NB Magazine – December

Shortly before noon on October 30, on-stage at historic Gruene Hall, a special proclamation was made by Senator Donna Campbell to New Braunfels Mayor Rusty Brockman. The award came from the Texas Music Office and it recognized New Braunfels as a Music Friendly Community. The local music fans felt like they have known this for years. Austin has the moniker of the live music capital of the world but folks in New Braunfels don’t always agree with that statement. Over the past several decades, our city has been growing in stature as a thriving live music community. If you have been following this series of stories about our city’s music scene, this is the final chapter about that history. Next month, we will look to the future and see what lies ahead.

The current music scene can be traced back to 1878 when German settler H.D. Gruene developed a track of land and built a dancehall. He called it Gruene’s Hall in the beginning, and it served as the entertainment center for the community. It remained open for the next 96 years but by 1974, Gruene was basically a ghost town. During this time, a young Pat Molak was in the market for a dancehall. He loved the music coming out of Austin and wanted to be a part of it. He had made an offer on Cibolo Creek Country Club but the deal fell through so he bought Gruene Hall in 1975. Along with his business partner Mary Jane Nalley, they made Gruene Hall one of the most popular live music venues in America.

Many amazing shows and spontaneous experiences have made Gruene Hall the place to be. Long time New Braunfels resident Bill Steagall just happened to be in the hall one day when Jerry Jeff Walker arrived with friend Willie Nelson. “Willie invited us to sit at the table with them,” Bill recalled. “Before long, a guitar appeared, and Jerry Jeff grabbed it and sang a few songs. Then Willie took the guitar and said he’d just recorded a new album and wanted to play some new songs. He played about six songs and they were great. We later learned they were songs from his upcoming Red Headed Stranger album.” Pat Molak agreed, adding that “It was pure luck or fate or whatever you want to call it, but I realize just how lucky we are that all of these pieces fell into place to make Gruene Hall what it is today.”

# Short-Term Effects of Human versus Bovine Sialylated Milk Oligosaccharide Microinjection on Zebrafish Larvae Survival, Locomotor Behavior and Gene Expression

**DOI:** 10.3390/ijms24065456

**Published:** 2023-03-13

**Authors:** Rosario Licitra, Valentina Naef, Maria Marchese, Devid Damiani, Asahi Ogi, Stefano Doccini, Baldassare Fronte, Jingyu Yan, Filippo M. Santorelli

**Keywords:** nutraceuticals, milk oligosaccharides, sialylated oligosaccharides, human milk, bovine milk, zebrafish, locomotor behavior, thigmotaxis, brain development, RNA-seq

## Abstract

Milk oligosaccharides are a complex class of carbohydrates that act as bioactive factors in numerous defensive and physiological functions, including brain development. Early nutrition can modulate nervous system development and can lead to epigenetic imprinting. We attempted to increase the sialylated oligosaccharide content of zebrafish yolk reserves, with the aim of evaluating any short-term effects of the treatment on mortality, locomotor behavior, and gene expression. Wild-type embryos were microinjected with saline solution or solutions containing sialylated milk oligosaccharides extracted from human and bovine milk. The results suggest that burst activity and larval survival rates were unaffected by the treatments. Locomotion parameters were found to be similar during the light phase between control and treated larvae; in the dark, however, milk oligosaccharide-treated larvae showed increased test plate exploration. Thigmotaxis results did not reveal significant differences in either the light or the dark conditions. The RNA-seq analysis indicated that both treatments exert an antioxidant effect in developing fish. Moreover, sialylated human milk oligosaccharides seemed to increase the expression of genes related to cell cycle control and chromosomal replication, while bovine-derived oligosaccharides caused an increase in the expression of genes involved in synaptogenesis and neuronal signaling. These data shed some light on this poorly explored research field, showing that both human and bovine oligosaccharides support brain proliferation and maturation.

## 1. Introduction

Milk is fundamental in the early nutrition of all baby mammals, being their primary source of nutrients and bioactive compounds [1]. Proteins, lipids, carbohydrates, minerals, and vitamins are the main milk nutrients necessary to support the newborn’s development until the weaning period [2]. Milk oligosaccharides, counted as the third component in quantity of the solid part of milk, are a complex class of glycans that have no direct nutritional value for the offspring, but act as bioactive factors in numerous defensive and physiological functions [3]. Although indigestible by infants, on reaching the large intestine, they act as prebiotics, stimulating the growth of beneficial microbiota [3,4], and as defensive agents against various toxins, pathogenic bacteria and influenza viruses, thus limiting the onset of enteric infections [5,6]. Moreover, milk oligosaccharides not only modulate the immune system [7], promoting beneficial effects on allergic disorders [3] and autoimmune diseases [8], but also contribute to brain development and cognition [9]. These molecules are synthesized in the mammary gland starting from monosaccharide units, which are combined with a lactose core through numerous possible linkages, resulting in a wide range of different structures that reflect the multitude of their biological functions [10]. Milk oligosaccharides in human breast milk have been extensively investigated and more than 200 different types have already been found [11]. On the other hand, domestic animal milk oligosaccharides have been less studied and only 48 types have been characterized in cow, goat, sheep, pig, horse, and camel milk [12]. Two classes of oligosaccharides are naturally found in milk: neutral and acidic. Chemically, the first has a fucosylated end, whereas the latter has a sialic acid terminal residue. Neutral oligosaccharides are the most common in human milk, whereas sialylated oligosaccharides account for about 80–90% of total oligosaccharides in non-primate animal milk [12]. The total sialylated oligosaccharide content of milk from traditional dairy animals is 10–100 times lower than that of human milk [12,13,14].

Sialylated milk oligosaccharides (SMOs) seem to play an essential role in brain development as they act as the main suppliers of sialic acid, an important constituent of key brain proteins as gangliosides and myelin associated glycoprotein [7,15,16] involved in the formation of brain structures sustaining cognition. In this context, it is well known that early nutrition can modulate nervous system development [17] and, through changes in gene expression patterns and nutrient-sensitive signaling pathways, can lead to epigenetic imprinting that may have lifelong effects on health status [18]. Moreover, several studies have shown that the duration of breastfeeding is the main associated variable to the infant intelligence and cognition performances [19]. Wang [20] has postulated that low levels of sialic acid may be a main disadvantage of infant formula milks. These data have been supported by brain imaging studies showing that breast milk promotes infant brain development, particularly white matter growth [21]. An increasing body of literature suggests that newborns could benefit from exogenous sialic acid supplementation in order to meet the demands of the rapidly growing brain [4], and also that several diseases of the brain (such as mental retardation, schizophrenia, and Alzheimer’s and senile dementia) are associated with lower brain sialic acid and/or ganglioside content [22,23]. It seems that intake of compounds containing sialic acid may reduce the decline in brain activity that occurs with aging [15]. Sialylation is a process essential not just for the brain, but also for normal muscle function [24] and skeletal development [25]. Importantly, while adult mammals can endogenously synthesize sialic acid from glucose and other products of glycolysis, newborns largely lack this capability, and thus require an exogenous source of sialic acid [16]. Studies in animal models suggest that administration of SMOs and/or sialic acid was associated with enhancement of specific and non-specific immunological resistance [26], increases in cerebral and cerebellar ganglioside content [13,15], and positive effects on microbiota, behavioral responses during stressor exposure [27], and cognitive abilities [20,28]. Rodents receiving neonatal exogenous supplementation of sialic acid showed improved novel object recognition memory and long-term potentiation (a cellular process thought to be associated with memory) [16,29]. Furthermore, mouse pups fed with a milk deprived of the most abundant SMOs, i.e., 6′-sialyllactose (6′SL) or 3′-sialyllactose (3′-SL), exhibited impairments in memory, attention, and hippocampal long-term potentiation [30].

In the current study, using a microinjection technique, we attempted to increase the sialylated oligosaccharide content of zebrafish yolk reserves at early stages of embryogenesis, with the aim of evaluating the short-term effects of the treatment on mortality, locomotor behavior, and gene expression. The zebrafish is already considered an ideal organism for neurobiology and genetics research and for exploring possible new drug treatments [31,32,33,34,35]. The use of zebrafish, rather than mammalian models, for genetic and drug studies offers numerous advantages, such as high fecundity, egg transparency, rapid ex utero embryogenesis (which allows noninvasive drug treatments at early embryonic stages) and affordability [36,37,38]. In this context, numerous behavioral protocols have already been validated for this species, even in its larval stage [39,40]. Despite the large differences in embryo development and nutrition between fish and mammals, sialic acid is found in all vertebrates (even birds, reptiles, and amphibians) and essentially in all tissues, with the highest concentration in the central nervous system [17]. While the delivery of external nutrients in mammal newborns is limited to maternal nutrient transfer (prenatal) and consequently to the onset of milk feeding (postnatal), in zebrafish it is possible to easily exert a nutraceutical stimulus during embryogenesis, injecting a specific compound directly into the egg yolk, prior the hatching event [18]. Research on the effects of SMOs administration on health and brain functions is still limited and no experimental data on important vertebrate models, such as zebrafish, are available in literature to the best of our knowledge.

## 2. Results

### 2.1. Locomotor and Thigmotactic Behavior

Another piece of the puzzle fell into place when KNBT-FM Radio owner and program director Mattson Rainer decided to change his stations format from modern country to Americana. He had attended a sold-out Robert Earl Keen show at Gruene Hall and quickly realized there was a market in our city for Americana music. He was right! On Saturday night, March 15, 1996 he debuted a new show on the air, Crossroads Americana, and he never looked back. Within five years it would be named the Number One Americana station in America. Now, the artists that performed at Gruene Hall had a local radio station that played their music.

As Americana music was gaining a stronghold in Central Texas, a group of musicians from Oklahoma were venturing south, looking for more places to play. Before long, acts like Cross Canadian Ragweed, Jason Boland, Stoney LaRue, and Mike McClure were playing at Gruene Hall, Cheatham Street Warehouse, River Road Icehouse and Floores Country Store. Over the next decade more venues like Riley’s Tavern, the Phoenix Saloon, Billy’s Ice and Freiheit Country Store started featuring live music. The Brauntex Theatre, a 1942 movie theatre, was renovated and turned into the only reserved seat, air-conditioned live music venue in town. In Canyon Lake, just ten miles away, the 9,000 seat Whitewater Amphitheater opened and started booking major touring acts like Willie Nelson, Bob Dylan, and Neil Young.

Naturally, these venues made music festivals the next step and New Braunfels became home to the Americana Jam, the Gruene Music & Wine Fest, Wein & Saengerfest and Wassailfest. Before long, a wave of musicians began moving to New Braunfels simply because of its music friendly population and the proximity to major Texas cities. Almost any of the factors mentioned above would be enough to give any city a healthy live music scene. Add them all together and you get New Braunfels, now recognized as one of the best live music cities in America. On any given night you can enjoy live music covering a wide variety of genres, from country to Americana to jazz, blues, and Motown. There truly is something here for everyone and its just another reason so many of us are proud to call New Braunfels our home.